On Tuesday, the Government announced a series of new restrictions which may spell the end for the brief taste of normality enjoyed in recent weeks.

The measures, which are expected to be in place for six months, are intended to prevent the need for tighter restrictions in the future, including a full national lockdown as we experienced in the spring.

Working from home

There has been a reversal of the recent message that we should start getting 'back to work'. The Government has now advised that office workers should work from home where possible, but that those who cannot perform their roles from home should continue to travel in as necessary.

Businesses must continue to pay particular attention to maintaining COVID-Secure work environments. This will include strictly enforcing policies on hygiene, face coverings and appropriate social distancing of at least one metre. Risk assessments may need to be revisited and the COVID-Secure guidelines re-reviewed once they have been amended in light of the Government's announcement.

Hospitality

From today, hospitality venues, including cafes, pubs and restaurants, must be closed between 10pm and 5am and must provide table service only for food and drink.  Face coverings will be required for all employees and for customers when away from their tables.

Businesses will also be required to display the official NHS QR code posters to allow customers to 'check-in' for track and trace purposes.

It is likely that the new Government measures will have a disproportionate impact on the hospitality industry, which is already on its knees from previous mandatory closures and restrictions. Although it is a hard pill to swallow, hospitality providers need to ensure that they comply with the Covid-specific measures for them including a 10pm curfew and exclusive table service. Many will argue that the arbitrary curfew will not curtail transmission rates and will in fact lead to widespread business disruption at their busiest times. However, this targeted focus on hospitality is presumably in relation to concerns that hospitality venues are becoming the catalyst for further transmission.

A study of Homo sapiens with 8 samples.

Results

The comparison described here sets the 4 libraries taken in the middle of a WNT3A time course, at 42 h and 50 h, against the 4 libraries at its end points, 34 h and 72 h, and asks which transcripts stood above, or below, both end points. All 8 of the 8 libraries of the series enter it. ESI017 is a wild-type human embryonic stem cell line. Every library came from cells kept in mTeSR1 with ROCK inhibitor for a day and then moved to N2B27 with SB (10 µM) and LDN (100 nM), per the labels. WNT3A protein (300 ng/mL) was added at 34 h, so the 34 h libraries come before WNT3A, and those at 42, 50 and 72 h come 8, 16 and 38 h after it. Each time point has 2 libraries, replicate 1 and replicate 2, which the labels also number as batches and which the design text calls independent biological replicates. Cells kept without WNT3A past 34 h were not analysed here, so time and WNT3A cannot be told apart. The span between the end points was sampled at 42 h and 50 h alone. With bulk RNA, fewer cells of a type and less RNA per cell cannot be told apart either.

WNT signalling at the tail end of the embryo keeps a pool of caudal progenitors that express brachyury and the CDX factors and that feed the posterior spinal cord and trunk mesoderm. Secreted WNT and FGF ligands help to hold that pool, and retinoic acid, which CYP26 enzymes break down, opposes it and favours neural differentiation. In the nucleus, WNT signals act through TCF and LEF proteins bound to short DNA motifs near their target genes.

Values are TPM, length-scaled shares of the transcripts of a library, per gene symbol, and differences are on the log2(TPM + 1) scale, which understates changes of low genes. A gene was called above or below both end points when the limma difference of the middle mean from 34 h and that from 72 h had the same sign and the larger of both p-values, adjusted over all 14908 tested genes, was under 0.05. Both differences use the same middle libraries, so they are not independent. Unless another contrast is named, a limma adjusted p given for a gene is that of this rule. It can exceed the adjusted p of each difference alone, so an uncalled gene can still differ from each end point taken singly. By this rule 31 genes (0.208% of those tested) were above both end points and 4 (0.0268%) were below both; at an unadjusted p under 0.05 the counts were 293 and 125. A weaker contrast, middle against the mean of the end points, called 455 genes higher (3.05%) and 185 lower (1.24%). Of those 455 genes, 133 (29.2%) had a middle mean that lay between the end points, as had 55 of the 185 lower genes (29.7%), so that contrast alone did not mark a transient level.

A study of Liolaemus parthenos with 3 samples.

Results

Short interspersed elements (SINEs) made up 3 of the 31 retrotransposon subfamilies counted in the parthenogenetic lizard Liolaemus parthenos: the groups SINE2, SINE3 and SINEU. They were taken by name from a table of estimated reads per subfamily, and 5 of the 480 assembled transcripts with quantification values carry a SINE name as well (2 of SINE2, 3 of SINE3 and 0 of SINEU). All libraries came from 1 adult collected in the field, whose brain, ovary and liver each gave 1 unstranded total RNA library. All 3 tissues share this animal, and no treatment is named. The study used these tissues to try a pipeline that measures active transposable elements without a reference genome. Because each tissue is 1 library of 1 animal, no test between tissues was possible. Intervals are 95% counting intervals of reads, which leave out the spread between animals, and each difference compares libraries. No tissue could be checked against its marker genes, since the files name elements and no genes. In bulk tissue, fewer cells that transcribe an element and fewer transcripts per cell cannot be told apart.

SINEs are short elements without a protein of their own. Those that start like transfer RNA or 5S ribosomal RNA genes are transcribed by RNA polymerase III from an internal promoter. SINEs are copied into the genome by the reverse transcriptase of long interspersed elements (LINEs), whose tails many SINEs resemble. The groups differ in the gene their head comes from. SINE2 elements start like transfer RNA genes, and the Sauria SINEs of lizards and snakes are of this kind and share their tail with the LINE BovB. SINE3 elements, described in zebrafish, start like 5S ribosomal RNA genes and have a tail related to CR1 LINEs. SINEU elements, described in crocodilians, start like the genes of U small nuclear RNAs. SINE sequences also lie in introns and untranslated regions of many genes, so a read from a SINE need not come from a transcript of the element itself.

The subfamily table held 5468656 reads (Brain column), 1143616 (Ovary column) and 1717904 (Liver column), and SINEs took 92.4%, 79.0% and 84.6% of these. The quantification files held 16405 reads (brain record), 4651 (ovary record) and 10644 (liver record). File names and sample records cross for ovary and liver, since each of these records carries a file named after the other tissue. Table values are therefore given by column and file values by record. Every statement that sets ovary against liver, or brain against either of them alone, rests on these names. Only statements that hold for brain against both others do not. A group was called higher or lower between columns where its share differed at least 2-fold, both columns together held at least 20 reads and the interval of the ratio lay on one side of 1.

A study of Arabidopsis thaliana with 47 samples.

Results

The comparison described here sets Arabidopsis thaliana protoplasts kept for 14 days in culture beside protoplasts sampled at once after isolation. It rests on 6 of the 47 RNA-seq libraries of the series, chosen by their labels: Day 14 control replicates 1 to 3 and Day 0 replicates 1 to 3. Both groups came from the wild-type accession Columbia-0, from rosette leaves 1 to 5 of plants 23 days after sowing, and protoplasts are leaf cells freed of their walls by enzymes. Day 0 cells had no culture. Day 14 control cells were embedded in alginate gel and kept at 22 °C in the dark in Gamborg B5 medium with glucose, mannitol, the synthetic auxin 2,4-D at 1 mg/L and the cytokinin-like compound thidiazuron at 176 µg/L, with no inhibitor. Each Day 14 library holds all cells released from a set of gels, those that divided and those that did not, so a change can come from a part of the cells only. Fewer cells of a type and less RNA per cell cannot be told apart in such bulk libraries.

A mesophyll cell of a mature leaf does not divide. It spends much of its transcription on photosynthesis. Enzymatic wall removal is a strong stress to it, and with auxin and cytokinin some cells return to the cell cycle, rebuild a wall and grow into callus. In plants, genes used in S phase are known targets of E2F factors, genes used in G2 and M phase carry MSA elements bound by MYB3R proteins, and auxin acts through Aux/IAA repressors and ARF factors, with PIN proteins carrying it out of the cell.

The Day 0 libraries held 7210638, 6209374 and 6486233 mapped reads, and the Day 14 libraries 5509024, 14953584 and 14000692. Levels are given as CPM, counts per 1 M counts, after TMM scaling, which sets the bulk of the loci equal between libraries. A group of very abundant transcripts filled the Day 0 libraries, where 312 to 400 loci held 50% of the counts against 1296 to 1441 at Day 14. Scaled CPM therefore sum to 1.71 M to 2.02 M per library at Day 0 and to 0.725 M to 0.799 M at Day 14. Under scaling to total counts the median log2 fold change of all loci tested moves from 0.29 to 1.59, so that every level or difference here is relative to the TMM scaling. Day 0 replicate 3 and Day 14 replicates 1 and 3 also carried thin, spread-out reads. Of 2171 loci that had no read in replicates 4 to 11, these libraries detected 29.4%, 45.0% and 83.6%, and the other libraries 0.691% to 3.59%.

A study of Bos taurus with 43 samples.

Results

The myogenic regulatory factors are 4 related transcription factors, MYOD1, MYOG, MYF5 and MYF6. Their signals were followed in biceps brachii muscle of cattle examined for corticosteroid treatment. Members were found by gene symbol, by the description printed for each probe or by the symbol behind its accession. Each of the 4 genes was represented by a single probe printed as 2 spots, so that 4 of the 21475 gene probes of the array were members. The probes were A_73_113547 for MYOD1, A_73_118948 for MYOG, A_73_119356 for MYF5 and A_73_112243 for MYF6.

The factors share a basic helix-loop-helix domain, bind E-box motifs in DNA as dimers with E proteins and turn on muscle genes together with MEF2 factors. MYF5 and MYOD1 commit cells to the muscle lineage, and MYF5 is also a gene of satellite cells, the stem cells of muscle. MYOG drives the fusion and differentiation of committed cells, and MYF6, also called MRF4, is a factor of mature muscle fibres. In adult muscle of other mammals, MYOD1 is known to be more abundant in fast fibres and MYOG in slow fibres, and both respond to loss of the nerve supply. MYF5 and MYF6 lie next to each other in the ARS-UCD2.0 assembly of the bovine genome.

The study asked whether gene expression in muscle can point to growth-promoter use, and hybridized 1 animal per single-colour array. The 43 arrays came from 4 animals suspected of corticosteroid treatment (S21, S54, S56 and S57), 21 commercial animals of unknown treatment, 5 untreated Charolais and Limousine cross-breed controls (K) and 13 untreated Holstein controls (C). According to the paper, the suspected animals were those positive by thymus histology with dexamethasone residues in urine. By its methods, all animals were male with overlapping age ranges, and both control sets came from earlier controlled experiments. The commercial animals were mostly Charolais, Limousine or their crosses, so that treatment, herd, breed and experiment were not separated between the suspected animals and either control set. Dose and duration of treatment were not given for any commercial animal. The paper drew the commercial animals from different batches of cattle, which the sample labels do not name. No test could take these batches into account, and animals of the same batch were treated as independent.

Enforcement

Businesses and organisations may face fines of up to £10,000 for repeated breaches of COVID-Secure requirements. This includes failing to take necessary contact details, failing to enforce social distancing and, in hospitality, accepting reservations for more than six people.

Fines for individuals who fail to wear face coverings or otherwise comply with relevant rules have been doubled from £100 to £200 for the first offence.

The Government has committed additional funding to assist the police in enforcing the new rules and has indicated military support will be available as required.

What's next?

These new measures will not come as a surprise to those tracking the spread of the virus. The recent surge in infections has demonstrated, as feared, that a return to normality is not on the cards for some time.

Businesses are encouraged to act quickly and decisively. In reality, all businesses should be following the Covid-Secure guidelines relevant to their particular business sector. Although frustrating for many employers and workers alike, working from home should now be the new default for many and this should be reflected in company policies. Where it is unavoidable for employees to be working 'on site', businesses should pay even closer attention to their policies, procedures and systems in relation to social distancing and hygiene to protect the health and safety of their workers and others affected by their business in light of the resurgence of the virus. Risk assessments may need to be revisited and the Covid-Secure guidelines re-reviewed once they have been amended in light of the Government's announcement.

If you have any health and safety-related questions or concerns about your business in light of the coronavirus outbreak, Fieldfisher's health and safety team will be happy to discuss your specific circumstances with you.

This article was co-authored by Fieldfisher Trainee Solicitor Sarah Kingsley Fried.